By Nick Assinder
Political correspondent, BBC News website
Just a month ago, with the opposition struggling to hold ground against Gordon Brown, Tory right-wingers urged David Cameron to shift his emphasis away from presentation towards "core" Conservative issues like immigration, Europe and tax.
They were quickly slapped down, with shadow chancellor George Osborne declaring there would be no change of strategy and that the party would remain "in the mainstream of British politics".
Mr Cameron has focused on issues such as hospitals
But it is now being argued that, in an attempt to regain some of the momentum lost to Mr Brown since his succession and placate Tory activists, Mr Cameron is carefully executing just such a shift. But is he really?
Opponents have seized on his latest remarks on immigration, law and order and the EU as signs he is finally flagging up more right-wing, traditional Conservative issues - espoused particularly by the Cornerstone Group of Tory MPs.
Headlines suggesting the Tories have "lurched to the right" are, of course, precisely what Mr Brown wants.
Much of his strategy as prime minister has been to grab more of the middle ground so that the Tories, in an attempt to look distinctive, fall back on policies which can be portrayed as the old right-wing agenda.
Part of that strategy, however, has also seen Mr Brown adopting what might be seen as a more right-wing approach on issues like a border police, drugs and gambling in an attempt to close those areas off to Mr Cameron.
And, of course, Mr Cameron has previously stolen Labour clothes by placing the NHS top of his agenda.
Still, Mr Brown is delighted whenever the Tory leader says anything that can be portrayed as "old" Tory policies - for which, read right-wing.
Mr Brown's strategy is to paint Mr Cameron as "old" Tory
That explained his delight when, during one of the last question times before the summer recess, Mr Cameron raised the issue of the new EU treaty, a potentially embarrassing issue for the prime minister, who refuses to hold a referendum on it.
Mr Brown leapt on the question, declaring with some glee that it showed Mr Cameron was back to the "old agenda". In other words, the Tories were falling into Mr Brown's trap.
Now, Labour is seizing on Mr Cameron's latest remarks on immigration - another of those allegedly core, right-wing Conservative issues, as further evidence of this shift.
Since becoming leader Mr Cameron deliberately moved away from his predecessors' strategy of placing immigration high on the party agenda, believing it contributed to the "nasty party" image.
Along with Europe it was an issue that he rarely spoke about as he focused on the environment, schools, hospitals and the cost of social breakdown.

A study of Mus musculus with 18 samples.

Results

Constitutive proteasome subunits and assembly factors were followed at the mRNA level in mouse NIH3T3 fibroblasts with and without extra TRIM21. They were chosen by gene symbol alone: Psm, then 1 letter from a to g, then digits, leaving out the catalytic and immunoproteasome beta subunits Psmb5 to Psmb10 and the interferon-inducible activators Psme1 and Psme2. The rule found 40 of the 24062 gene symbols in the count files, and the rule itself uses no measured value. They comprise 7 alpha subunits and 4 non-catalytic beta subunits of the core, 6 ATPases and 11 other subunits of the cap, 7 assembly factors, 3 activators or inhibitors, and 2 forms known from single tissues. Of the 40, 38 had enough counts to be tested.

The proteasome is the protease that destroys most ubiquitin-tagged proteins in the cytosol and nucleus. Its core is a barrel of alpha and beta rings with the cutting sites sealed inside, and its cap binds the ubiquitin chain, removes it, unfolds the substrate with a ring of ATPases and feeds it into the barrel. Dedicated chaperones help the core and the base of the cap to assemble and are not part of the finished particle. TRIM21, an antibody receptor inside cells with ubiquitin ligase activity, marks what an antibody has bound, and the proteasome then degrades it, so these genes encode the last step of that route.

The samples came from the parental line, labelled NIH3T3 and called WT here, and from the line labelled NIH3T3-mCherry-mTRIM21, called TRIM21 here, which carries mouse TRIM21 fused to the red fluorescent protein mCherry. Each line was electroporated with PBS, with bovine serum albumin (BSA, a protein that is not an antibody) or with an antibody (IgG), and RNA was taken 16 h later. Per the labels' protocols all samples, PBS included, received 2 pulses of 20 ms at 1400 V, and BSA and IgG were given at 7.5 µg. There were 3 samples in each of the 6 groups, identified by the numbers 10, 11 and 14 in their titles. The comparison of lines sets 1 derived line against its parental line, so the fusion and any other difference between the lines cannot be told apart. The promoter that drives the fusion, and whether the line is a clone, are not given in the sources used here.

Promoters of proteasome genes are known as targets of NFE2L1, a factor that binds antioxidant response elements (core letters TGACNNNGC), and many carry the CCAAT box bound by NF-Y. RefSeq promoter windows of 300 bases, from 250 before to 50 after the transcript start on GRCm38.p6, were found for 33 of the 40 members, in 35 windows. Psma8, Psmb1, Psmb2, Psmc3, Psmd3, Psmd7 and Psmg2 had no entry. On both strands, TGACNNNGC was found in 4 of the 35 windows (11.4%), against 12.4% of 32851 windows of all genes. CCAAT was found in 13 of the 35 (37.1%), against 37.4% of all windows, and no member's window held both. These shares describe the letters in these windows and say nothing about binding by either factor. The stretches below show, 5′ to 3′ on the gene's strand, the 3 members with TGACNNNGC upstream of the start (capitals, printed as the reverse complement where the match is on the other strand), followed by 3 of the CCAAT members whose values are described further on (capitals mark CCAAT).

But, in his Newsnight interview - while carefully avoiding Margaret Thatcher's talk of a country being "swamped" by immigrants - he was happy to state immigration over the past decade had been too high. That was just the sort of thing the Cornerstone group and Tory supporting newspapers wanted to hear.
It follows Mr Cameron's recent decision to raise the issue of Europe, specifically the new treaty, taxation and law and order.
They have all been seen as attempts to appeal to the core Tory vote.
The truth is, much of what Mr Cameron has said over the past few days is not startlingly new - he makes a point of stressing that himself. But that is not what matters.
What matters is the fact he now appears to be happy, even eager, to get into debate over these issues. It is, to some, a sign he is trying to reassure worried traditionalists that he really is a Conservative - something some may have come to doubt.
So after the best part of 18 months refusing to promise tax cuts, avoiding Europe and immigration and offering a middle-ground, often liberal agenda, that is not about to go unnoticed.
Immigration has become cross-party issue
But it is also probably true, however, that these issues are no longer the preserve of the traditional right.
Immigration, particularly economic migration, has become an area of concern across the political spectrum and across the globe.
Europe, particularly the new "not-the-constitution" treaty, has also seen opposition rising on the Labour benches.
Just about every party in the land has long agreed the UK should be a low tax economy.
And, most recently, fears over the apparent rise of violence and gang activity on the nation's streets has put tough law and order policies high on the priority list of voters of all political persuasions.
What the current suggestion of a "lurch to the right" shows is that in certain areas of policy Gordon Brown can happily move without comment, while Mr Cameron is accused of retreating to a core vote strategy.
In other words, perhaps this is all about presentation and interpretation - rather than any policy shift.